It’s commonplace for a governor to tout a state’s economy. Still, Greg Abbott of Texas made us wonder when he tweeted in mid-November 2017: "The Texas unemployment rate is now the lowest it’s been in 40 years & Texas led the nation last month in new job creation."
Abbott, a Republican seeking re-election in 2018, accompanied his tweet with a campaign video of Abbott smiling at business groundbreakings. The ad flashes headlines about companies opening facilities and adding jobs in Texas. Tagline: "And we’re just getting started."
We got started fact-checking Abbott’s tweet by asking his office for his backup; we didn’t get a response.
In July 2017, Abbott made a Mostly True claim about more Texans having jobs than ever. Yet we noticed that when Abbott tweeted about the state’s jobless rate "last month," October 2017 unemployment rates had yet to be revealed.
To get our fix on the latest available data, we fetched Bureau of Labor Statistics figures showing that the state’s impressive 4 percent jobless rate for September 2017 tied the previous record low since 1976. According to the bureau, the state similarly had a 4 percent unemployment rate in November and December 2000, 17 years ago. The state jobless rate in fall 1977, 40 years ago, hovered at 5.2 percent.
To our inquiry, a Dallas-based bureau economist, Cheryl Abbot, confirmed our read of monthly seasonally adjusted Texas jobless rates since 1976. Mark J. Perry, who teaches at the University of Michigan-Flint, agreed though Perry, by email, called Abbott’s overstatement on this point "minor."
Texas Unemployment Rate (Seasonally Adjusted), 1976-September 2017
SOURCE: Website, "Local Area Unemployment Statistics," Bureau of Labor Statistics, Nov. 16, 2017 (downloaded Nov. 16, 2017)
By email, the bureau's Abbot showed that Texas didn’t lead the country in job gains for September (again, the latest month of available data).
In fact, an October 2017 bureau press release indicates Texas wasn't even among the five states that experienced job gains from August to September 2017.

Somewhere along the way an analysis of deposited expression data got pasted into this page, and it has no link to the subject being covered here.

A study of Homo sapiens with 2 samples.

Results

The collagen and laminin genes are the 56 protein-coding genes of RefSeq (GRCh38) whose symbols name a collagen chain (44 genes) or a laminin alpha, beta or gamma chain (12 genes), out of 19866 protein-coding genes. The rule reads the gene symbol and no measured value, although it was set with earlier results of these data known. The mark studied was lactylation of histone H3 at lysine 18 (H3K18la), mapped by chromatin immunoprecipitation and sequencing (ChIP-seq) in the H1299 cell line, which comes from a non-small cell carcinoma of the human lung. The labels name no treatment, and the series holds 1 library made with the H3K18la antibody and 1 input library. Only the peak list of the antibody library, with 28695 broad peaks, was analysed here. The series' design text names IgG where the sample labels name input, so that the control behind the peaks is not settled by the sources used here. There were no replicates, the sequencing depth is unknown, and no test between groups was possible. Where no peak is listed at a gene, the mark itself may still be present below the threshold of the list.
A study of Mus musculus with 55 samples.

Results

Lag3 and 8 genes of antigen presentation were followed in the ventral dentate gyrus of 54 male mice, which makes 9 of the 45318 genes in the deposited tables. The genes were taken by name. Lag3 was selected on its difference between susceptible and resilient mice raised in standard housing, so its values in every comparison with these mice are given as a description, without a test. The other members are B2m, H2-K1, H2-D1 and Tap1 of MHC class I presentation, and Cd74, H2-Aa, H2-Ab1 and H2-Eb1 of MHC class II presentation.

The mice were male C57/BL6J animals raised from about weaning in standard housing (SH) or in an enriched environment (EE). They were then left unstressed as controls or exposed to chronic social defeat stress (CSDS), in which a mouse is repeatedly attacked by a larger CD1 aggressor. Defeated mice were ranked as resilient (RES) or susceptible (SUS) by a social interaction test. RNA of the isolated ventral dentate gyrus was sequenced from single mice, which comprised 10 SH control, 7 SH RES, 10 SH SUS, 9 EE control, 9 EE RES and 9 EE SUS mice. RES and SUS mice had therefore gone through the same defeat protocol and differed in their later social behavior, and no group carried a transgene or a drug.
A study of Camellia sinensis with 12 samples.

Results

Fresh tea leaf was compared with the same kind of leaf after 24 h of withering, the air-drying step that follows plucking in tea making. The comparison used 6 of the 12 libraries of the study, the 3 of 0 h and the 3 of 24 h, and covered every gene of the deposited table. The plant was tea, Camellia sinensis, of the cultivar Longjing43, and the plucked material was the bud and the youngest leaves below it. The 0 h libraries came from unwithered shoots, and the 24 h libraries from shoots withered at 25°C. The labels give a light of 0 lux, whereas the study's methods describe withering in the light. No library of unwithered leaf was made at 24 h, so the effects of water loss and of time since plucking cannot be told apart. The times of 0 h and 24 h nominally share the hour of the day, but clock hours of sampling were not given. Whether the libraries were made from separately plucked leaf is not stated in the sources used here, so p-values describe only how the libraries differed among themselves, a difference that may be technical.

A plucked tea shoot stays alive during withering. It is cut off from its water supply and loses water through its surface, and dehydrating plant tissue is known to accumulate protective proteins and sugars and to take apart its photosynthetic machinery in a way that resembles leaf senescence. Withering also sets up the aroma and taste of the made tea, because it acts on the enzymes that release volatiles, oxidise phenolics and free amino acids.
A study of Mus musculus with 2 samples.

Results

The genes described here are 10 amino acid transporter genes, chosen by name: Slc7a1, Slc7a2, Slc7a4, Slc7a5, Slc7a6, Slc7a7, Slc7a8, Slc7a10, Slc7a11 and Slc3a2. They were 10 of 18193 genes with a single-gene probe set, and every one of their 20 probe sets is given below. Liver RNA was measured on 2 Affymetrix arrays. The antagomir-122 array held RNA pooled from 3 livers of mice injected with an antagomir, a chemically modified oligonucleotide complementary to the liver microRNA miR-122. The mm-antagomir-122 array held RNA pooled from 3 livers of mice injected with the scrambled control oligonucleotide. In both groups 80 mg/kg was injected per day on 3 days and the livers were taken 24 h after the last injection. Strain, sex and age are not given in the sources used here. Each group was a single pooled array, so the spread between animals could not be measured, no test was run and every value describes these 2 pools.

From the release: "The largest increase in employment occurred in California (+52,200), followed by Washington (+13,800) and Indiana (+11,400). The states also were described as enjoying statistically significant month-to-month gains. "In percentage terms," the bureau said, "the largest increase occurred in Nebraska (+0.5 percent), followed by Arizona, Indiana, and Washington (+0.4 percent each)." California had a 0.4 percent gain, the release said.
According to a more detailed bureau chart we checked in mid-November 2017, Texas saw a 0.1 percent decrease in jobs from August to September 2017 by going from 12,328,400 jobs to 12,321,100 jobs. The chart indicates 30 states fared better month to month though that folds in five states showing no percentage gains (or losses).
There’s a more encouraging longer view. The bureau’s release lists Texas among 28 states with over-the-year increases in nonfarm payroll employment from September 2016 to September 2017. The release said: "The largest job gains occurred in California (+280,300), Texas (+256,100), and New York (+93,100)--with the largest percentage gains playing out in Nevada and Utah (+2.5 percent each) followed by Maryland (+2.4 percent)." According to an accompanying chart, Texas and Idaho each saw a 2.1 percent increase in jobs over the year, tying for fourth nationally behind Washington state, which saw a 2.2 percent percentage increase in jobs.
Abbot wrote: "As you can see, the largest monthly increase in jobs in September 2017 occurred in California (+52,200). In percentage terms, Nebraska led among the states with a 0.5-percent gain. California also recorded the largest over-the-year increase during this period (280,300), followed by Texas (256,100)."
Abbott tweeted: "The Texas unemployment rate is now the lowest it’s been in 40 years & Texas led the nation last month in new job creation."
The latest unemployment data posted when Abbott spoke showed Texas with a 4 percent unemployment rate in September 2017 though that didn't set a 40-year record. Rather, it tied the previous 40-year low set in two months of 2000.
Abbott didn’t provide nor did we find data showing jobs created in each state in October 2017. Federal data otherwise indicate that Texas experienced a slight decrease in jobs from August to September 2017 though the state also was home to more jobs than a year earlier.
We rate this claim False.
FALSE – The statement is not accurate. Click here for more on the six PolitiFact ratings and how we select facts to check.
UPDATE, Nov. 17, 2017: Two days after Abbott tweeted his claim about the Texas jobless rate, the federal government reported that the state had a 41-year record low 3.9 percent jobless rate in October 2017.